Vol.7(1)  June 2014
Print ISSN : 0974-567X
Online Public Access Catalogues of Selected University Libraries in Delhi: An Evaluative Study
Margam Madhusudhan :
Assistant Professor, Department of Library and Information Science University of Delhi, Delhi – 110007 (India), Email: mmadhu@libinfosci.du.ac.in
Shalini Aggarwal:
Senior Research Fellow, Department of Library and Information Science University of Delhi, Delhi -110 007, Email: shalini1740@gmail.com
 
Abstract
 


This paper provides a comparative analysis of the functionality of three different Online Public Access Catalogues, i.e., LibSys, VTLS’s iPortal, and Troodon ILMS acquired by study university libraries in Delhi with the help of a specially designed evaluation checklist. The various features of the OPACs in seven university libraries (University of Delhi,  Guru Gobind Singh Indraprastha University,  Jawaharlal Nehru University,  Delhi Technological University,  Jamia Millia Islamia,  Indira Gandhi National Open University, and Jamia Hamdard University) are evaluated. The evaluation approach taken was similar to that of Margam and Aggarwal with minor modifications. It comprises 214 dichotomous questions with 145 features in 12 broad categories.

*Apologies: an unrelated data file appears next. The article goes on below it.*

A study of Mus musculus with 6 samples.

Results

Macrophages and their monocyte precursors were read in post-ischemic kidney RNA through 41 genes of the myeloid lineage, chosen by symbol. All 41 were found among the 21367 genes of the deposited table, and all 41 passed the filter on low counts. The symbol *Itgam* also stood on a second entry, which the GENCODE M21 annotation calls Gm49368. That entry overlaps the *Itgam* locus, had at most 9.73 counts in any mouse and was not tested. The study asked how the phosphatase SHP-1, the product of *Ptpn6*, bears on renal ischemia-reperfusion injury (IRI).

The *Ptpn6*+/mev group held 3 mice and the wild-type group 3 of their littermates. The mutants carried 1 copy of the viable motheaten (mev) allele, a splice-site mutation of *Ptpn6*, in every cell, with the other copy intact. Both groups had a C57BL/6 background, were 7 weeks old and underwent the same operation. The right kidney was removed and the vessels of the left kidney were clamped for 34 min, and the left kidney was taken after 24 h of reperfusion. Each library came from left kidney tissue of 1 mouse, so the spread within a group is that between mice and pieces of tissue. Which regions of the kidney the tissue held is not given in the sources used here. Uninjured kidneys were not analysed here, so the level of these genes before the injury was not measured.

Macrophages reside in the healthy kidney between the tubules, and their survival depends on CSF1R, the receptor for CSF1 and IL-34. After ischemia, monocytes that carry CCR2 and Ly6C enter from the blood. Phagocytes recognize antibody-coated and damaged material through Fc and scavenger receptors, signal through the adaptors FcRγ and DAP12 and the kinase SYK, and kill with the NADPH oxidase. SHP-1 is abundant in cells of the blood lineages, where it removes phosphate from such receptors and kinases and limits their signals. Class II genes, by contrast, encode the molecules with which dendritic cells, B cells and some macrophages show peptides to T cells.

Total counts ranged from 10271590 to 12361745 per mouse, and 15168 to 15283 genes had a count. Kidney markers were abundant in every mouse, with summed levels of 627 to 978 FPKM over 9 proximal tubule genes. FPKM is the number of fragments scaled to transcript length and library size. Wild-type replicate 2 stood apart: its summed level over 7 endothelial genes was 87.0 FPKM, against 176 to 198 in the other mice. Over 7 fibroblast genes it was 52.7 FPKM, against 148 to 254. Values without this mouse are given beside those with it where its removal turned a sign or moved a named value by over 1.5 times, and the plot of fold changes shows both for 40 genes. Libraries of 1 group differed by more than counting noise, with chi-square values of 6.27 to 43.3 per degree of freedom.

The study explored different features of OPACs, of which page layout is the highest scored feature and Web 2.0 based OPAC feature is the lowest. Location map and series hyperlinks, meta-search, comprehensive search limits in publisher and place of publication, spell check software facility and additional help to remote users, image of book covers, relevancy ranking, reviews, user-added tags, tagging, RSS feed from the search, citation creator, customer written reviews “email this link”, etc., are some of the features lacking in all the surveyed OPACs. The highest scored OPAC is the LibSys-based OPAC of Jamia Hamdard University with 61.68 per cent and LibSys of Jamia Milia Islamia is the lowest scored with 41.58 per cent. The findings of the study prove to be a useful source of information to librarians, especially university librarians who are planning to introduce OPACs and also for the software vendors who wish to improve the functionality of their OPACs.